PARRY Judith (Vann)

Record and Artist Details



Label: Chandos

Media Format: Super Audio CD



Catalogue Number: CHSA5268

CHSA5268. PARRY Judith (Vann)


Composition Artist Credit
Judith Kathryn Rudge
Sarah Fox
Crouch End Festival Chorus
London Mozart Players
Henry Waddington
Toby Spence
William Vann
Crouch End Festival Children's Chorus

Hands up: how many of us have laughed at Ernest Newman’s quip about Parry ‘sickening for another oratorio’ without ever having heard one of Parry’s full-length choral works from beginning to end? If we’re honest, the correlation must be close to 100 per cent. Parry’s Judith – the hit of the 1888 Birmingham Triennial Festival – went completely unperformed in the UK between 1951 and 2019. Incredibly, for a work that was once so admired, there has never been a full-length recording. This magnificent account from Chandos, featuring the team that gave that 2019 performance, fills one of the most significant gaps in the discography of British music and brings us closer to a full artistic picture of the composer whom Elgar called ‘the head of our art in this country’.

Parry conceived Judith as a drama as much as an oratorio, and over two expansive acts it retells a particularly blood-and-thundery slice of Old Testament history, covering the Israelites’ worship of the child-devouring Moloch, the fall of Jerusalem and Judith’s decapitation of the Assyrian general Holofernes (which Parry, mindful of Victorian sensibilities, keeps firmly offstage). Choruses stand like monuments. Parry’s muscular fugal build-ups come straight out of Handel by way of Mendelssohn’s Elijah, and the orchestration delivers some striking touches of colour, with shimmering gongs at particularly barbaric moments.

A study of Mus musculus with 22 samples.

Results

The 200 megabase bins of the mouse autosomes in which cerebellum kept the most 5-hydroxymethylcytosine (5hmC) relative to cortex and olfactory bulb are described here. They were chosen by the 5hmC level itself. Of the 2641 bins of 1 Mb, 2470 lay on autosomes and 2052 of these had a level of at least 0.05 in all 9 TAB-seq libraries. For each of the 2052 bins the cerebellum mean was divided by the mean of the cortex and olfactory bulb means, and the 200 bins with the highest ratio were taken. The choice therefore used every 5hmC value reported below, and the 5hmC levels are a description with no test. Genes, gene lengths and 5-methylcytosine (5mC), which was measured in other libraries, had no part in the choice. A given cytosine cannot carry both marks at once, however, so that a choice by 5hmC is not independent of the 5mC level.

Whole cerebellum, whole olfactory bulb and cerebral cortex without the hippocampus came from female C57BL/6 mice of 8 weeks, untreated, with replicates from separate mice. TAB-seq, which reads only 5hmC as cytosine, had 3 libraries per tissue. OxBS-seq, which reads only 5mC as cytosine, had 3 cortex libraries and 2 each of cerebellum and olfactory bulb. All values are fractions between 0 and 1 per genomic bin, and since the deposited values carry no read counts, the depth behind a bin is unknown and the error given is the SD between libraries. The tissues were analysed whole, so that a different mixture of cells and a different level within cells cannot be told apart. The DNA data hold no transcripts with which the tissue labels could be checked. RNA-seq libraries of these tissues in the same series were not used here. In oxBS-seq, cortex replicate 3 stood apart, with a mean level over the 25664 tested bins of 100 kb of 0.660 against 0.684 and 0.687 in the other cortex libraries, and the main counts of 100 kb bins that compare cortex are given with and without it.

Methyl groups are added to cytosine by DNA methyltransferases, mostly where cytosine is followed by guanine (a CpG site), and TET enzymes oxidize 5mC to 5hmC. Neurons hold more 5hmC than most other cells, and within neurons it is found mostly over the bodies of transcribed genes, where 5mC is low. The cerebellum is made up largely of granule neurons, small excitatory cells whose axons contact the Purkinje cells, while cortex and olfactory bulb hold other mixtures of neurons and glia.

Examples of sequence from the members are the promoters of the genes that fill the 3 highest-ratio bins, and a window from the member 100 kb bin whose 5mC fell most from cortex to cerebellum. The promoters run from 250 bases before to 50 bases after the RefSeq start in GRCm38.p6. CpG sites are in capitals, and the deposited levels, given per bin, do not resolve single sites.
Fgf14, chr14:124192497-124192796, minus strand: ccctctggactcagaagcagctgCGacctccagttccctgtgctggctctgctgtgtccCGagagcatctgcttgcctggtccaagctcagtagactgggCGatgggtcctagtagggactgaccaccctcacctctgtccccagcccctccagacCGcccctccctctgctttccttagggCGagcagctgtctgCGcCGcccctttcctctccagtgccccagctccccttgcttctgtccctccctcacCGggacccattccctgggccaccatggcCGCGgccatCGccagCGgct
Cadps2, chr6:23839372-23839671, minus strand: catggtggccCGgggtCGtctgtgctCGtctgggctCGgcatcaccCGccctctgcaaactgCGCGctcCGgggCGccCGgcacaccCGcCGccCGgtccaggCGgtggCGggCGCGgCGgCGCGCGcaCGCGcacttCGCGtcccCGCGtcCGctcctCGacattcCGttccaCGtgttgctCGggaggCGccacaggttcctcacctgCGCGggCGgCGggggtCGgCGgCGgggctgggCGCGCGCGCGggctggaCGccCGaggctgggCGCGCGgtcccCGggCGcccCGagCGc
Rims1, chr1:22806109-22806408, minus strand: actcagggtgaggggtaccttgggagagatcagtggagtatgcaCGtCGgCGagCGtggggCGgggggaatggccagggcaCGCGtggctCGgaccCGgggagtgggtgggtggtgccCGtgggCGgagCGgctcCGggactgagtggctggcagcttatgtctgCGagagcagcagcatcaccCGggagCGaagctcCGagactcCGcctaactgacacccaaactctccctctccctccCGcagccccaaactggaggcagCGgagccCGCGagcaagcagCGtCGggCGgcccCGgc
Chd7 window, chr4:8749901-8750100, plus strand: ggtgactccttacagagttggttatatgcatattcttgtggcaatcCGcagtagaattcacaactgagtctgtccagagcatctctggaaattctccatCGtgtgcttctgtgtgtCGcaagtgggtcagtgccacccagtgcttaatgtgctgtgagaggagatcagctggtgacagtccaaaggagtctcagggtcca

In between, Parry weaves yard upon yard of golden, lyrical music, glowing with clarinets and horns, and it’s in this vein that he strikes upon the score’s noblest melodic inspiration, the ballad ‘Long since in Egypt’s plenteous land’, whose melody later became the hymn tune Repton, and which in a fairer universe should have guaranteed Judith’s immortality. After hearing it sung with radiant tenderness by Kathryn Rudge, with Parry’s gentle, nostalgic orchestral ritornellos framing each verse, you’ll never take it for granted again.

Every aspect of this performance sounds like a labour of love. Toby Spence is passionate and heroic as King Manasseh, and Sarah Fox brings a thrilling brilliance to the (surprisingly small) title-role. But Rudge’s soaring, expressive singing as Meshullemeth gives the piece its real heart, and she’s accompanied with intense sympathy by the conductor William Vann, who avoids any suggestion of bombast or sentimentality, and builds Parry’s great paragraphs so eloquently and with such assurance that you’d think he’d been conducting this music all his life. The children’s choir are delightful and Crouch End Festival Chorus are thoroughly on form: ringing, confident and only very occasionally sounding slightly congested in the acoustic of St Jude-on-the-Hill, Hampstead.

Ultimately, though, any one critical verdict is beside the point. This is a landmark recording. Judith is no masterpiece: Parry’s innate good taste keeps intervening, and the scene in which the Assyrian hordes slaughter the Hebrews is about as savage as Choral Evensong. But hearing it complete merely reaffirms the truth that to listen to Elgar without knowing Parry is like hearing Brahms without knowing Schumann. I can imagine more dramatic performances; but if we get them, it will be because this recording showed the way.